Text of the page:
There were some members of the Shinsengumi who have been built up to mythic status. These were mainly four men:

Kondo Isami

Hijikata Toshizo

Okita Soji

Saito Hajime



Reading the above articles, why do they stand out? In particular, why Saito Hajime? Was it because he was one of the longest lived, did his duty to the end, or because he never talked about what happened, and the mystique took hold? He was also one of the main characters of "Mibu Gishiden" (When the last sword is drawn).
kitsuno,

I am sure that most of the reason that Okita Souji is so built up is because of youth. Being the youngest member, who is still believed to have been a better kenshi than every other member, and to have been fighting tuberculosis the whole time is quite a way to start a legend. It is what made him stand out when I first read about him.
As for Saitou Hajime, his longevity probably had a lot to do with it and his closed-lip approach to his past. Usually when someone who has been through something like that remains quiet it gives the past a strong sense of mystery.
Since Kondo Isami is known to be the headmaster of the "official" ryuuha of the Shinsengumi it would probably make most people immediately think he has some level of godliness. Plus, being the leader of the Shinsengumi means that he has to have some level of charisma and/or command presence. Powerful people are popular for a reason. Plus there is that whole farmer-to-"samurai" thing.
As for Hikikata Toshizo, from what little I know, he seems to have been just as effective of a leader as Kondo. Other than that, it must just be the leadership position.
Their overall last stand with the rest of the Ezo Republicans can not hurt their reputation. In most cases, no matter the politics, rebels and resistance fighters will always have their admirers.


Well, the entire Shinsengumi story reads like it was written to be a movie script (the following are not necessarily the historical truths of the figures, but their popular images, which help explain their appeal). You have your main characters-Kondo, The Noble Ronin, who found his honor and ideals corrupted by power and authority when he became part of the system he was trying to defend. You have Hijikata, The Power Behind The Throne, pushing his extremist policies through the personage of Kondo and bringing the group to ruin. There's Okita, The Young Master Swordsman, doomed to an early death by illness and embodying the whole 'live each day as if it is your last', cherry blossom falling, sammyrai ideal. Serizawa, The Bad Ronin, embodies the rebel that takes crap from nobody, does what he wants whenever he wants, abuses his authority, and generally makes himself the Darth Vader to Kondo's Luke. Saito is The Lone Survivor (well, one of a handful) that multiplies his mystique by never speaking of the events (because, of course, no one else alive could truly understand). All of this under the umbrella of an organization that stayed true to its ideals until the bitter end, had a code of conduct that mirrored the Bullshido-Sammyrai ideal (even though that code as usual didn't seem to apply to the guys in charge) along with the requisite of suicide for any infraction, and had that whole 'propensity to kill' thang Just Kidding. Let's face it-societies are fascinated by killers, government sanctioned or not. Look at the USA's fascination with gunfighters, serial killers, and mass murderers. The story of the Shinsengumi is tailor made to entertain, and I don't find their popularity strange at all.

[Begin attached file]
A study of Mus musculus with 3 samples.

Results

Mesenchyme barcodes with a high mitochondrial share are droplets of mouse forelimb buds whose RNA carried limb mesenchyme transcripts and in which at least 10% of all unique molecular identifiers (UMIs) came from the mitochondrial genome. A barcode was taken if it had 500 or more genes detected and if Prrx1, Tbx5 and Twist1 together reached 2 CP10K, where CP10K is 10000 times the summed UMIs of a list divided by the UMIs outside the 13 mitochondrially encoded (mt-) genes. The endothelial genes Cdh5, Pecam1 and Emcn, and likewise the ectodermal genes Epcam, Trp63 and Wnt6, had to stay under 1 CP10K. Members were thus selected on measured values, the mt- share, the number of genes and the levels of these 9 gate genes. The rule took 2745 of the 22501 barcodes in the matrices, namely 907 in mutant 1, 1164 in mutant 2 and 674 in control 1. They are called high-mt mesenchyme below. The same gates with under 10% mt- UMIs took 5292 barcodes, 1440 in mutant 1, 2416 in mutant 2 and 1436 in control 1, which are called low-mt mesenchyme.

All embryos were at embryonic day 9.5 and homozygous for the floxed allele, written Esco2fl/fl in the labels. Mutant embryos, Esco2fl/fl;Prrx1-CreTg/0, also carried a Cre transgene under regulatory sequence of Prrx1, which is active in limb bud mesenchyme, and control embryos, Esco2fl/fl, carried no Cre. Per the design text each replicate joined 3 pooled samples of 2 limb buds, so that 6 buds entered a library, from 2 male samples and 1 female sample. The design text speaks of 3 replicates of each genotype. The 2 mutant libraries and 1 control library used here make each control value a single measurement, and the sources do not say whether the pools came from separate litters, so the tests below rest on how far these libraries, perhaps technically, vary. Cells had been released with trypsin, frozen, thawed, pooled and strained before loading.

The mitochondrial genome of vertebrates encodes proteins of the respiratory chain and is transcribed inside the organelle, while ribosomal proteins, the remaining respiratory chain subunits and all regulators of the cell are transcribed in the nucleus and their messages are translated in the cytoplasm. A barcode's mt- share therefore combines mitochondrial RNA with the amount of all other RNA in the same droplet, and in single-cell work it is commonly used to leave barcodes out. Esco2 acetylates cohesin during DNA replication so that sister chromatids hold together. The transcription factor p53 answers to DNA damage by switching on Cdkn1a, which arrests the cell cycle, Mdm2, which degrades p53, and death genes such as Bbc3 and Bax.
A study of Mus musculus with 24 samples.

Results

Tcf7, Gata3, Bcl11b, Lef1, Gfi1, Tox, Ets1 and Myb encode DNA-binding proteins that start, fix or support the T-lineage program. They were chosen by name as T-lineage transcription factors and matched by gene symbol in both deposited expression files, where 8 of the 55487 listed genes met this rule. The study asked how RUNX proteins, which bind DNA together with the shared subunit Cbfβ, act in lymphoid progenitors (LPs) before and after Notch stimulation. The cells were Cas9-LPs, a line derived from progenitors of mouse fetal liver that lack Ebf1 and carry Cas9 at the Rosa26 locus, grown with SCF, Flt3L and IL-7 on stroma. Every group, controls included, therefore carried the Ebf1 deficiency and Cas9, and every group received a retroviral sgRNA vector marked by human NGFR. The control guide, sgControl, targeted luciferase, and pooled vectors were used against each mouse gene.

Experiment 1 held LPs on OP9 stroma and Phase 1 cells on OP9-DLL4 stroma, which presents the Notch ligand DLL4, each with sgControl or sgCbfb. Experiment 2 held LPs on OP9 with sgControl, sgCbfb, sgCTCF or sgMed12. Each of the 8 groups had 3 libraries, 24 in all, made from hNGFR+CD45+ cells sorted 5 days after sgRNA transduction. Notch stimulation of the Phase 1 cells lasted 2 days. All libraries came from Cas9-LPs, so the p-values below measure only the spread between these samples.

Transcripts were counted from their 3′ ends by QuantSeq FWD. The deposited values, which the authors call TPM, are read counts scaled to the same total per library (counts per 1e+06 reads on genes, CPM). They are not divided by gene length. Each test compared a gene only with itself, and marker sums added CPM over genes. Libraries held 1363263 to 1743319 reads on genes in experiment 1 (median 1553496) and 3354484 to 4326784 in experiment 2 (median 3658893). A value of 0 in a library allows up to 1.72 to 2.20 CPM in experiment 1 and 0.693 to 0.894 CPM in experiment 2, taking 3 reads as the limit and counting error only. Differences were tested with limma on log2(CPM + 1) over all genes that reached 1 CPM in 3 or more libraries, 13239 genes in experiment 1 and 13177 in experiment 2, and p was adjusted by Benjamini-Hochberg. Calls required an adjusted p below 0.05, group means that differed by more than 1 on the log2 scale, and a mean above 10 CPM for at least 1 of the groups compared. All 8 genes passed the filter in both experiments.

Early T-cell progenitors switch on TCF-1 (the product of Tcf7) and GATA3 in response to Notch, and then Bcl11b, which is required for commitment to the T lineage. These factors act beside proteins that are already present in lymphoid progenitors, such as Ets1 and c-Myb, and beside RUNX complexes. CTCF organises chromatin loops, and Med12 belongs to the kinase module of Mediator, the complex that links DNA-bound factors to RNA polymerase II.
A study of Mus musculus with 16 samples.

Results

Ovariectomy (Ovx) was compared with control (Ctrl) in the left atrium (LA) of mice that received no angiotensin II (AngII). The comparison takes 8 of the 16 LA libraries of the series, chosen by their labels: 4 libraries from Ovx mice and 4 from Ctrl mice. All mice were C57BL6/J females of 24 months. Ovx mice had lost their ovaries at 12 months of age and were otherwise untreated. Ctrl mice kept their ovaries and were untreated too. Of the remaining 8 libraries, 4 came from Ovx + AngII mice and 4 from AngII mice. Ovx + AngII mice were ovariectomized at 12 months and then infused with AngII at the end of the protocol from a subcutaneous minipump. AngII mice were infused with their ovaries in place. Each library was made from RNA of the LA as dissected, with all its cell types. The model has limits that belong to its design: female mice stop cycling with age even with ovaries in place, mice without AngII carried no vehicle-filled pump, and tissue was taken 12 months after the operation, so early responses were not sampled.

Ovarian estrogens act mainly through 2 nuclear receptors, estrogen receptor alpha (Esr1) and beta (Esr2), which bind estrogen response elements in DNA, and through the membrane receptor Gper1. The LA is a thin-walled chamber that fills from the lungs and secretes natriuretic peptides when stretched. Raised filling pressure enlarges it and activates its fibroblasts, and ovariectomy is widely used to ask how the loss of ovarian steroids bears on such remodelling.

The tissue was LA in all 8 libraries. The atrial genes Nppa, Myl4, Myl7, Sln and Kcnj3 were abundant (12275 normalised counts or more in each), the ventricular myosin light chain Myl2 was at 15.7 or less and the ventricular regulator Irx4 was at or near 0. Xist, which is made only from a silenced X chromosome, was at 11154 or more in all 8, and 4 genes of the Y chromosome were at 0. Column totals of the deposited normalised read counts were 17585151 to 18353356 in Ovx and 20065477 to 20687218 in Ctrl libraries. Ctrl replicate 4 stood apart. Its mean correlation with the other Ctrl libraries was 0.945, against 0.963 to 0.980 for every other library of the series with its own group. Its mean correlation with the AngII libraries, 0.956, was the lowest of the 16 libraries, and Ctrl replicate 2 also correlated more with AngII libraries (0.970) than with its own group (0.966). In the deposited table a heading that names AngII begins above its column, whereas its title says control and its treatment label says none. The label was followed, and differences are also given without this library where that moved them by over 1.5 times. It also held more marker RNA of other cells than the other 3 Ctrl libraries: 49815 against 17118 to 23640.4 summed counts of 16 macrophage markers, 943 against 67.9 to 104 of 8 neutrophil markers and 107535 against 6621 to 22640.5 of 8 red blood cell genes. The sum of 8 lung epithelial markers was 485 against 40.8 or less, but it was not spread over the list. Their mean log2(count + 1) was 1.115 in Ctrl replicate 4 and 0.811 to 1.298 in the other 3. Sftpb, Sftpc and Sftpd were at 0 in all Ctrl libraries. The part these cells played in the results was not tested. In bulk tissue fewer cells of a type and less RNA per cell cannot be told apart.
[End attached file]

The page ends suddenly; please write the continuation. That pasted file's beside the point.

I think the Shinsengumi has, however, gotten somewhat of a bad rap. They weren't formed in a void and told to go out and kill people-they were formed in response to criminal actions ranging from destruction of property to treason and murder. Their enemies weren't the sort of people that could be stopped with harsh language only. Yes, they were corrupted by the power they came to possess (rather common in situations where the 'average joe' is thrust into positions of authority) and were thuggish in many respects, but that's likely the type of people it took to combat the 'Royalists'. They performed their duties exceedingly well. I think a lot of the 'thug' image comes from the aftermath. As in most cases, the winner of the battle (the Meiji government) got to write the history of the aftermath. People that had historically supported the Emperor (Kusunoki Masahige), been seen as rebels against the Bakufu (the 47 Ronin), or institutions seen as slighted by the Tokugawa (Shinto) were elevated and romanticized to a ridiculous degree in the years after 1868. People who were seen as supporting the Bakufu (Ii Naosuke), working as agents for the Tokugawa (the Shinsengumi), or institutions favored by them (Buddhism) were villified, ridiculed, and persecuted.
Iaidouka
Tatsunoshi,

Well put.


msr.iaidoka wrote:


I am sure that most of the reason that Okita Souji is so built up is because of youth. Being the youngest member, who is still believed to have been a better kenshi than every other member, and to have been fighting tuberculosis the whole time is quite a way to start a legend. It is what made him stand out when I first read about him.


He actually wasn't nearly the youngest member. The youngest member was Inoue Taisuke, about 11:

http://wiki.samurai-archives.com/index.php?title=Inoue_Taisuke
Iaidouka
kitsuno,

Well, I stand corrected. That is quite young.